One vital cooking element provided by recipes is proportion. A cook may already know the basic ingredients of a pancake batter – flour, eggs, milk and so on – but only recipes supply the proper ratio between the ingredients. There's a reason why some recipes call for two eggs, not one or three. Professional cooks who prepare these recipes already know how much flour can be incorporated into a measured amount of milk, for example. Without knowing the proper balance of ingredients provided by recipes, cooks can easily end up with glutinous masses of bread dough instead of waffle batter.
Another benefit of following recipes is consistency. An amateur cook may experiment in the kitchen and create a unique casserole or sauce, but it could prove nearly impossible to duplicate. Recipes provide all the technical and artistic elements necessary to produce and reproduce a successful product without fail. Cooks may feel inspired to change some of the proportions or flavorings, but the basic recipes will always produce the desired results. Important technical notes in recipes include cooking times, temperature settings, signs of doneness and serving instructions.
Perhaps the most compelling reason for cooks to follow recipes is the science of cooking. As stated earlier, cooking is primarily a practical exercise in chemistry. Each ingredient in recipes serves one or more specific purposes, from generating gases to creating glutens to binding other ingredients together. Eliminating one of these essential ingredients also removes the chemistry behind it. While it may be tempting to leave out a pinch of salt, for example, the remaining ingredients may not bond well without it. Many recipes call for ingredients such as baking powder or baking soda for their specific chemical properties.
There are a few instances in which traditional recipes may not be strictly necessary, but until a cook gains enough kitchen experience and learns enough cooking theory to improvise, recipes should be treated as the roadmaps to culinary success.
I really disagree with the premise of this article. Let me say that Ultimately, I think this whole topic is subjective and I don't think it necessary to convince someone who believes in following a recipe not to follow one. To each his or her own. But this article states that it is important to follow recipes and that "cooking is 10 percent art and 90 percent chemistry". I really disagree. I find cooking incredibly artful, creative, and for me, that is incredibly cathartic. I love looking around my kitchen, seeing what possible ingredients I have to work with, and somehow turning them into something delicious. Very often, I may be about a quarter of the way into my preparations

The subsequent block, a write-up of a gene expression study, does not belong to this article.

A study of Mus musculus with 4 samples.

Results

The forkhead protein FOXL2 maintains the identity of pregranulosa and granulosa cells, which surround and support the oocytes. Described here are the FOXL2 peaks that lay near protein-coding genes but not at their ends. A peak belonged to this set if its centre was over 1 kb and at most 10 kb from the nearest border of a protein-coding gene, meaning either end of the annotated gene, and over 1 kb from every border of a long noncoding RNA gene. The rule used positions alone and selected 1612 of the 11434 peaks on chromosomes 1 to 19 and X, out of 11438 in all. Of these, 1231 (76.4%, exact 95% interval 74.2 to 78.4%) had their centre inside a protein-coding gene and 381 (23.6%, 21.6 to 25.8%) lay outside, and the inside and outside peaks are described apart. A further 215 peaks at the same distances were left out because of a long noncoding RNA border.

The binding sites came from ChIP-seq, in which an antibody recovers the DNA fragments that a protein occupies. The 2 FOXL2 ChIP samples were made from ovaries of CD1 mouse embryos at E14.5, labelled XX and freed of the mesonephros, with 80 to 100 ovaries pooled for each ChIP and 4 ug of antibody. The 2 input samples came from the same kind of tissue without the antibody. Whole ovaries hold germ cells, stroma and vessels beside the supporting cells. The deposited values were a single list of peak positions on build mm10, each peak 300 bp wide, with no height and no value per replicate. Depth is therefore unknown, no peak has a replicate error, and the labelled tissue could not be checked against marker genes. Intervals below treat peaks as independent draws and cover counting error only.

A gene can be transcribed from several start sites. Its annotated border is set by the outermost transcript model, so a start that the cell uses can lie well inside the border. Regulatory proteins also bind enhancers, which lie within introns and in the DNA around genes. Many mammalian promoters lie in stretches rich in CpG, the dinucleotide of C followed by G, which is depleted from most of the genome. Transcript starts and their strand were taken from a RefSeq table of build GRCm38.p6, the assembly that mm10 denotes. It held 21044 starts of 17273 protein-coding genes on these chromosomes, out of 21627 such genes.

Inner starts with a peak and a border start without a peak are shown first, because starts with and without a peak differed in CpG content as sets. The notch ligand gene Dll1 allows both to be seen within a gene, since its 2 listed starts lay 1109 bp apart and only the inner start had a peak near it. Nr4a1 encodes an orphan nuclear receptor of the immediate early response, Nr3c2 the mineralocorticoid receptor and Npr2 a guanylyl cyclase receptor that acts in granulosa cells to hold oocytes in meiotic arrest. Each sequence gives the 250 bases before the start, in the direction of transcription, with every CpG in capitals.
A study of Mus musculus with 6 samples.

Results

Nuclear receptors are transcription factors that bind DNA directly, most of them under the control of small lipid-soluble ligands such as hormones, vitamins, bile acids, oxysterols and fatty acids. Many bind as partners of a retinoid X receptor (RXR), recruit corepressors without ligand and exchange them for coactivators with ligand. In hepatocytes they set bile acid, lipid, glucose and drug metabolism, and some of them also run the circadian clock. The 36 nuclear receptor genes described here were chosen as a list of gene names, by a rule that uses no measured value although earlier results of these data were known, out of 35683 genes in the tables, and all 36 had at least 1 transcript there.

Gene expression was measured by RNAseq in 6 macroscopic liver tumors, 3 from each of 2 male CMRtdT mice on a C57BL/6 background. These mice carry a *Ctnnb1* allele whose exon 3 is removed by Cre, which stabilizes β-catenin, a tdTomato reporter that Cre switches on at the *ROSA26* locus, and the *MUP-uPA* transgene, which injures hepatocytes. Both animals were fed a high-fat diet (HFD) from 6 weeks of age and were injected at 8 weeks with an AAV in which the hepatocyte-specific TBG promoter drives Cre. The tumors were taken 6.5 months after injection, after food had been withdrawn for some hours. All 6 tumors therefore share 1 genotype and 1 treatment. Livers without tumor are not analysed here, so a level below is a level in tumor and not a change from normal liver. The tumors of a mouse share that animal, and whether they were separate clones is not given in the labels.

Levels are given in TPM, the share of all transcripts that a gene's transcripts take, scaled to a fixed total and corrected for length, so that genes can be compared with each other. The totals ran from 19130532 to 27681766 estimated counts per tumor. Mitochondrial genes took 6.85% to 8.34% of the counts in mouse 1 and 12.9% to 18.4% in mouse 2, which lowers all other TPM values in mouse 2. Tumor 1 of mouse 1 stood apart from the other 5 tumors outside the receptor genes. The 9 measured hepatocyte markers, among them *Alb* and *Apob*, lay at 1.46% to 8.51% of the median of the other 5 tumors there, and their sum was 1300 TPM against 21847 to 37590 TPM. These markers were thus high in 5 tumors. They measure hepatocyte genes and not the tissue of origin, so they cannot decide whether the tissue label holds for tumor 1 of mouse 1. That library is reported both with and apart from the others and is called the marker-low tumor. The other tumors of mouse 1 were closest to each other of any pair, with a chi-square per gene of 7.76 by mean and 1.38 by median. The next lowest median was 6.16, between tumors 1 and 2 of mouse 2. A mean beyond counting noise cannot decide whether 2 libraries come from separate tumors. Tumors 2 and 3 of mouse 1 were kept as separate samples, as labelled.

and I still not know what I'm making yet.
For example, I may start off with a basic foundation of sautéing onions, garlic, and peppers. At this point, the dish could be anything, and even further, and even more exciting, the ethnic direction my dish could take is still up for grabs! At that stage, I could make a Chinese stir-fry if I add some ginger, soy, and water chestnuts. It could be Indian chicken curry if I had turmeric, cumin, and tomatoes; a Thai curry if I then add some coconut milk. It could be an Italian dish if I add oregano, basil, and tomatoes; a Spanish dish if I had some saffron and cumin. And the list goes on and on. It's fascinating to see both the differences and overlap in regions of the world as represented by food.
Cooking comes from the heart. It's family and love and tradition. And it's also experimental! Without it, how would we ever enjoy fusion cuisine, or really any "recipe" for that matter -- that recipe had to begin somewhere. Cooking is a creative expression and a recipe is not necessarily needed. The example the article repeatedly gives to support its claim is actually "baking", not cooking. I might venture to say that baking is much more scientific, with precise chemical reactions that result in specific outcomes like how a cake will rise. Therefore, the argument for recipes and the chemistry element is much more relevant for baking, although even there, there is still room to "wing it" and come up with some new and exciting stuff.
Ultimately, I think, it depends on the chef. That's who gets to define whether a recipe is needed or not. If s/he enjoys the structure and the absoluteness of following a recipe, well, have at it! If s/he is like me and hates boundaries and rules and likes to make it up as she goes, by all means, throw that cookbook out the window and the sky's the limit!